A short time ago, the FCC ruled that ISPs must get opt-in permission from their customers to collect meaningful data. The industry has expressed concern following the ruling, citing that marketers, publishers and consumers may be adversely affected by it. While the exact ramifications remain unclear, as is the case with any government ruling, it will have unintended consequences. Here are some of those potential outcomes, and how marketers can prepare for them.
ISPs will get and use this data
Even if ISPs act in accordance with the strictest interpretation of this ruling, ISPs will still find a way to get and use this data. They'll just get the data another way -- one that isn't out of compliance with the ruling. Even if this one source is eliminated, there are far too many sites with deterministic data that marketers, ISPs and anyone else can use to piece together the picture they need. What happens when you melt enough slices of swiss cheese? Eventually the bread is covered.
However, the ruling is very open to interpretation. It allows ISPs to collect the data, PII and all, just not use it -- unless the collected data is first anonymized. What this doesn't curb is selling grouped data segments such as "bacon lovers," "pickup truck shoppers" and the like. With so much dynamic retargeting using 1st-party data (and thus not needing to buy it elsewhere) anyway, how much curtailing does this ruling actually accomplish?
To ensure that ads continue to be served effectively, agencies should have redundancy in where they buy data and how they access it. Plus, they need to ensure there is sufficient parity among their data partners. Like any other system with a single point of failure, if the entire strategy relies on an ISP for specialized data, agencies should quickly find additional data vendors and resources.
Expect an M&A spurt
Amid the short-term confusion of what this ruling means, and the desire for absolute certainty from ISPs with large cash reserves, it's a fair bet there will be a burst of M&A activity, at least in the short term. Companies that hold pieces to the data puzzle will now become more valuable to those wresting with how to piece it back together. So we will likely see a handful of deals in the next 12 months. These deals will likely be short-sighted and overpriced, but sound like the right thing to do at the time. For example, ISPs may acquire publishers or services with combinable data.
Agencies should likely sit tight. Third-party data is, and still will be, sufficiently commoditized to make a direct move to own a data source nonsensical.
Short-term wins for Facebook, Google
This decision was scoffed at by ISPs, but not just because it limits their data collection. Their perception that the government just gave Facebook and Google a competitive edge isn't a stretch. As the largest owners of deterministic, validated, frequently updated/used data, Facebook and Google will have a slight leg up in the next 12 months, while ISPs figure out their position on the ruling and patch up the data gaps it creates.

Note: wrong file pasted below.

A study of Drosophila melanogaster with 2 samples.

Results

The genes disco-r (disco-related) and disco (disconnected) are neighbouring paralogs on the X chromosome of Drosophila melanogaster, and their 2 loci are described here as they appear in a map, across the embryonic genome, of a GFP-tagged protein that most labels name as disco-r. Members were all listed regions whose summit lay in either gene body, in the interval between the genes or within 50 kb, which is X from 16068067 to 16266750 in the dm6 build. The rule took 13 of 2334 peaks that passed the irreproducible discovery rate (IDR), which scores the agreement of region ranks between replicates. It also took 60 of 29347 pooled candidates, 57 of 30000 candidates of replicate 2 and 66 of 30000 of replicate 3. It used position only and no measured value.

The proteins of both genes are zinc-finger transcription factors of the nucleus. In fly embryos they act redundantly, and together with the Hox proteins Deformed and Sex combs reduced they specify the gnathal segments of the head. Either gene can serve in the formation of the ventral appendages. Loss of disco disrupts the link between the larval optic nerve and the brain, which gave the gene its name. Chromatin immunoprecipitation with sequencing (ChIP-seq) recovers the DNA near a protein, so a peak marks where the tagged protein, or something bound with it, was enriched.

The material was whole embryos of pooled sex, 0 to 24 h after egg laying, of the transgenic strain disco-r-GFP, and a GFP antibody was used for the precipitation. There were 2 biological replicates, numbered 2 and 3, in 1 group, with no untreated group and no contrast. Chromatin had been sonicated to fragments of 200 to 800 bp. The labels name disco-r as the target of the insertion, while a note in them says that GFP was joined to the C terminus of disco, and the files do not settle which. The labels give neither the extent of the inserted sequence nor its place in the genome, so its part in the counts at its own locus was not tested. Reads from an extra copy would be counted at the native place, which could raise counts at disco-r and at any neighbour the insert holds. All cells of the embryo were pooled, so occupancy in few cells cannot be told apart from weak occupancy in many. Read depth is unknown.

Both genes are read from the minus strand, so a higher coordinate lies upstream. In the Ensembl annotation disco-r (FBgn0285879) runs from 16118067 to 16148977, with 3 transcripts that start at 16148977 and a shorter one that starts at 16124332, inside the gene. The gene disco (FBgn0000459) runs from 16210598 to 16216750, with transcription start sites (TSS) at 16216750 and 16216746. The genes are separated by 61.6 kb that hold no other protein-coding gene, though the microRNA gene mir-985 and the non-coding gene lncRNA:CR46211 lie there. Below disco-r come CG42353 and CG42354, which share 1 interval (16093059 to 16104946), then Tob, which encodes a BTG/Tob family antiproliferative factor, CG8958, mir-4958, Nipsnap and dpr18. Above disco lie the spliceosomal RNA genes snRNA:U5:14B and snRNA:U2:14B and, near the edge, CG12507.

Slightly humorous here is the nuance of the law. Both Facebook and Google are certainly shy to brazenly use nonanonymized data. Most of their data is paired and sold in segments as well. This doesn't seem like too much of an upper hand, but they'll play it nonetheless.
Rather than succumbing to the hype of any one property, agencies should keep their current strategies in place, and continue focusing on making smart marketing decisions out of opportunity, not fear.
"Data use," "data abuse"
This ruling further empowers and emboldens privacy advocates, but the unintended consequence is that this additional emboldening incorrectly suggests that "data use" equals "data abuse." First, this data is used by ad systems, not people. Second, it's used in bulk. Using the data means engineering better targeting. Abusing it is looking at it line by line, and then figuring out who that line of data represents in the real world. Data use does not equal data abuse, but this ruling furthers that misnomer.
Furthermore, consumers will continue to be outraged when they see ads that seem to be targeted at them individually. Even if the data is anonymized, this won't stop the outcry, and will likely prompt further probes by the FCC in the future.
Agencies need to be advocates of the data-use-versus-data-abuse message. Data is the fuel that drives targeting and efficiency engines as the world becomes fully programmatic. Collectively, we should be evangelizing the harmlessness of (most) data collection and application.